Kevin Rose writes on the Digg blog:
Some of our top users are being blamed by some outlets as leading efforts to manipulate Digg. These users have been listed on the “Top Diggers” area of the site that was created in the early days of Digg when there was a strong focus on encouraging people to submit content. The list served a great purpose of recognizing those who were working hard to make Digg a great site, as well as a way for new users to discover new content. Now, as the site has matured and we regularly get 5,000+ content submissions per day, we believe there are better ways to discover new friends based on your interests and what you’re digging.
After considerable internal debate and discussion with many of those who make up the Top Digger list, we’ve decided to remove the list beginning tomorrow.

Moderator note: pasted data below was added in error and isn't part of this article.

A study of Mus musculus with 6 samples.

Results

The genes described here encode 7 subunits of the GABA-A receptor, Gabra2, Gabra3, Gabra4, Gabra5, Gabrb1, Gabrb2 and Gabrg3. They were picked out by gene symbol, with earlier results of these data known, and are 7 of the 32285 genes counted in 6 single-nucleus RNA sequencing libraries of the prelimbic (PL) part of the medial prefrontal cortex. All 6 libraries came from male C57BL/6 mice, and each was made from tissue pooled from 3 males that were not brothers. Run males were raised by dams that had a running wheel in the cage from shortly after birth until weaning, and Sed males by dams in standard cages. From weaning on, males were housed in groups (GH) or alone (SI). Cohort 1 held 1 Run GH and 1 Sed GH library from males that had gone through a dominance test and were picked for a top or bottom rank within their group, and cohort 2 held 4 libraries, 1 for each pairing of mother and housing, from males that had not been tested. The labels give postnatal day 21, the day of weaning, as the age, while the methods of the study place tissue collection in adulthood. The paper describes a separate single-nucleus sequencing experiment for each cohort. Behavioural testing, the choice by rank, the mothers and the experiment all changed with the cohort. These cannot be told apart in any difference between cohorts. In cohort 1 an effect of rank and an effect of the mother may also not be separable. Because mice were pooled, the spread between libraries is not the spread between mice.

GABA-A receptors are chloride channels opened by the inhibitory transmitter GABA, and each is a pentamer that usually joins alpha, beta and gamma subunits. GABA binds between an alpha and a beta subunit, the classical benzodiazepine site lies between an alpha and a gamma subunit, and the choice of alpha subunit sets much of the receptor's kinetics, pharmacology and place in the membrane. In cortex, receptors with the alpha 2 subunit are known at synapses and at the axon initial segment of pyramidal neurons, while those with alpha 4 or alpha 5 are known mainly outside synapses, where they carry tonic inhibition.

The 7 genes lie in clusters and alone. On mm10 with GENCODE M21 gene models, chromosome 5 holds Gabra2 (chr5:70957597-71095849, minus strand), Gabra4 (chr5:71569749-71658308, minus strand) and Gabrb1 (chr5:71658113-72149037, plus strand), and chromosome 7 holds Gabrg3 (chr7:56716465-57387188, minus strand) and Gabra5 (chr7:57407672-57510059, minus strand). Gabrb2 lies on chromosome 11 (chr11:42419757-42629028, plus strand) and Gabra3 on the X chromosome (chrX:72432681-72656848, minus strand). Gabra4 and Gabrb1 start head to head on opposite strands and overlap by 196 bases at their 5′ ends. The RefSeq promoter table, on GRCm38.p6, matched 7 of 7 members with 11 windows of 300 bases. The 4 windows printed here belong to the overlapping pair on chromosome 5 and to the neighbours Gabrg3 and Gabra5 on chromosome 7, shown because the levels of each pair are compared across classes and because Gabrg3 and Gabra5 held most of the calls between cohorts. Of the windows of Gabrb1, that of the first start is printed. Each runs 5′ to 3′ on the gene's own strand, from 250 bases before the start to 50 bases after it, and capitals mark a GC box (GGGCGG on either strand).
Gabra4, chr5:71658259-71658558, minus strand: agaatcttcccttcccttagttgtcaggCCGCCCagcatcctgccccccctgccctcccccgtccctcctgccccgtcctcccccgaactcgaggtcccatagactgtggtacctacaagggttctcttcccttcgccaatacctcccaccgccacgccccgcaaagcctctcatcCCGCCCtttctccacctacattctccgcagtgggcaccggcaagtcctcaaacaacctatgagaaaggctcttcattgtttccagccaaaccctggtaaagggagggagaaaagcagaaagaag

It’s obvious that Digg is removing the “Top Digger” list exclusively to try and thwart companies that aim to recruit Digg’s top users into some kind of Digg payola scheme, and I don’t blame them for trying to stem that tide. They shouldn’t, however, claim that they’re getting rid of it because it will no longer serve its purpose of helping users “discover new friends.” The purpose of the “Top Diggers” list is to recognize the Top Diggers – plain and simple. Users may have added the top Diggers as friends, but most likely as an attempt to get more recognition for their own submissions.
It’s an exercise in futility. A competent programmer could easily throw together a page scraper to determine the top submitters, so when the dust settles, Digg will still have problems with pay-for-play, but the most prolific users will no longer be recognized by Digg for their work that makes the site so successful.